STAFDA Economic Advisor Warns Distributors to Make a Plan

The industrial sector remains strong, but trouble could be looming.


Alan Beaulieu told the trade show that North America’s industrial production is strong and would remain so in the coming years, and that the U.S. was poised to remain the world’s leading economic powerhouse for decades to come.

But Beaulieu, an economist and president of ITR Economics, also said that serious, worldwide economic turmoil continued to loom in the next decade.

ITR, a New Hampshire-based economic intelligence firm, has long maintained in its projections that another “Great Depression” was likely between 2030 and 2040, and Beaulieu suggested that the decline appeared more likely to happen sooner in that window than later.

Beaulieu stressed that the downturn would be a worldwide phenomenon due to several factors — chief among them, an aging population that would push healthcare and other costs higher and higher. He also noted that continued spending by central governments would stress budgets across the globe due to rising interest payments.

Alan BeaulieuAlan BeaulieuITR EconomicsBeaulieu said projections showed industrial production peaking in 2029 before sliding in the following years — at its nadir, production would match the levels seen just after the last major economic crisis in 2009. He said companies should make plans for how to manage a shrinking economy: cash and access to cash would be important, Beaulieu said, but they would also need a plan to grow their businesses. That would need to include marketing plans and establishing competitive advantages; companies should have at least two of the latter, and generic statements about the quality of its staff, he said, “isn’t it.”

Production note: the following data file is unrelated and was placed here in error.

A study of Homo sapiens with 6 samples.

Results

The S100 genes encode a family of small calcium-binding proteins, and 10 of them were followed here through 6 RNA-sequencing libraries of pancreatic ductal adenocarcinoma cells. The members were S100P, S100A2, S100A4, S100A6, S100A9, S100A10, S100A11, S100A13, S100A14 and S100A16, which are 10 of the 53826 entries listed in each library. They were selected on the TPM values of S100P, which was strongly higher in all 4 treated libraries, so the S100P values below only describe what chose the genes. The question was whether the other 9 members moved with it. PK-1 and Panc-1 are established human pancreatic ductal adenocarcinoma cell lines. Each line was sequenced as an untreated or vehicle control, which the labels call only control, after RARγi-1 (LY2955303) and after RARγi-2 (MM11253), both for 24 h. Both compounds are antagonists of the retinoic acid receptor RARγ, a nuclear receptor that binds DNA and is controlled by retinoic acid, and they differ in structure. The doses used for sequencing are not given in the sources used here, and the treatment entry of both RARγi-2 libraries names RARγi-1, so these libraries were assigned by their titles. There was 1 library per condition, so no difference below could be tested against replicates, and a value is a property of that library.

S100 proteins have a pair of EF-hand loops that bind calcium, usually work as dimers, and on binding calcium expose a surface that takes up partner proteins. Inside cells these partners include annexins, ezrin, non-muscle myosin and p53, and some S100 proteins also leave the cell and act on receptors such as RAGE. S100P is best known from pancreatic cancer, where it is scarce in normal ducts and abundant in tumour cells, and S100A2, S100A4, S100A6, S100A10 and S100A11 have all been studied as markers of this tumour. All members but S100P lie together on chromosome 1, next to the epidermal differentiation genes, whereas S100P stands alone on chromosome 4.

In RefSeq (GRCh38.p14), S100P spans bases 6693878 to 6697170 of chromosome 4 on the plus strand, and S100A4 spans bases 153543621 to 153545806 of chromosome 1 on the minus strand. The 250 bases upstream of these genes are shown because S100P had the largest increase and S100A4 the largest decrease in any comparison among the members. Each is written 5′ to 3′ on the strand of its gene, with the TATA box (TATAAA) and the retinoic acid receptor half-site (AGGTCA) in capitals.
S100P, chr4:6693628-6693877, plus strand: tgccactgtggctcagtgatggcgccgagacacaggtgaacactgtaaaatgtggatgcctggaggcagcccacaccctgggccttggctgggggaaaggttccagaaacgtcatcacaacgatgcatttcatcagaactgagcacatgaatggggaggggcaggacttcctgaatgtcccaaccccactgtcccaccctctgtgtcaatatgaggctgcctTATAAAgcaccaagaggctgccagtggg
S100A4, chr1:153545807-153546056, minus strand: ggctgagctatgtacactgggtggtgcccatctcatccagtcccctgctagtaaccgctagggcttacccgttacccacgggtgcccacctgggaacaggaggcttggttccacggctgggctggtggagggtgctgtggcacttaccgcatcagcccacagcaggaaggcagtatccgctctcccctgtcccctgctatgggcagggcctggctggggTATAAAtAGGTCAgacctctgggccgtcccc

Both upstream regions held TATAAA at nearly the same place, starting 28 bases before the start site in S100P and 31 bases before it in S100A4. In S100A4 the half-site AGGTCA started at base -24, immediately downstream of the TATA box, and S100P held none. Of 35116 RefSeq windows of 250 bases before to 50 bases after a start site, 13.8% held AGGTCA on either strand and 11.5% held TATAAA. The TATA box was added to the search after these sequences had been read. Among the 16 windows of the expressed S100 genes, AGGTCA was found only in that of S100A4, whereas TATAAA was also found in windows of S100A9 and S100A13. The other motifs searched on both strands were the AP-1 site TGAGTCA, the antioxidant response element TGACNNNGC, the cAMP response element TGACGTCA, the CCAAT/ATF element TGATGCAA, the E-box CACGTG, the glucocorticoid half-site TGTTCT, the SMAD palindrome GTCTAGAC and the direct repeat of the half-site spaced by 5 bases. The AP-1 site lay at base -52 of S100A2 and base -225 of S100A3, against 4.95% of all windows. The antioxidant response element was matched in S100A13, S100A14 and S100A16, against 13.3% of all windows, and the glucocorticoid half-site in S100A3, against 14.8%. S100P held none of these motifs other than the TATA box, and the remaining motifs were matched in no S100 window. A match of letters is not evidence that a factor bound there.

Companies’ value propositions, he said, would differentiate them in the market at a time when the only growth could come at the expense of rivals going under, and they would also help in the current inflationary period — although Beaulieu was much more optimistic about the next several years.

Prices, on the whole, appear to be easing just as a drop in orders is helping to alleviate pressures on supply chains.

“We have begun disinflation,” Beaulieu told the convention.

The trend might not last, he suggested, if the Federal Reserve continues its pattern of raising interest rates, which could spark a recession either late next year or the following year — and bring inflation back with it.

“Three percent interest rates aren’t coming back in this decade,” he conceded.

Although the U.S.’s population isn’t “aging out” as quickly as other major global economies, labor issues are set to persist due to both demographic and immigration trends; essentially, the population isn’t growing enough to meet the number of jobs the economy is creating.

“You’re going to be paying more and more and more” for people, Beaulieu said, but he also stressed that companies should invest aggressively to root out inefficiencies in their operations — beyond just automation.

Stop doing things, he told STAFDA attendees, that are “just wasting people’s time.”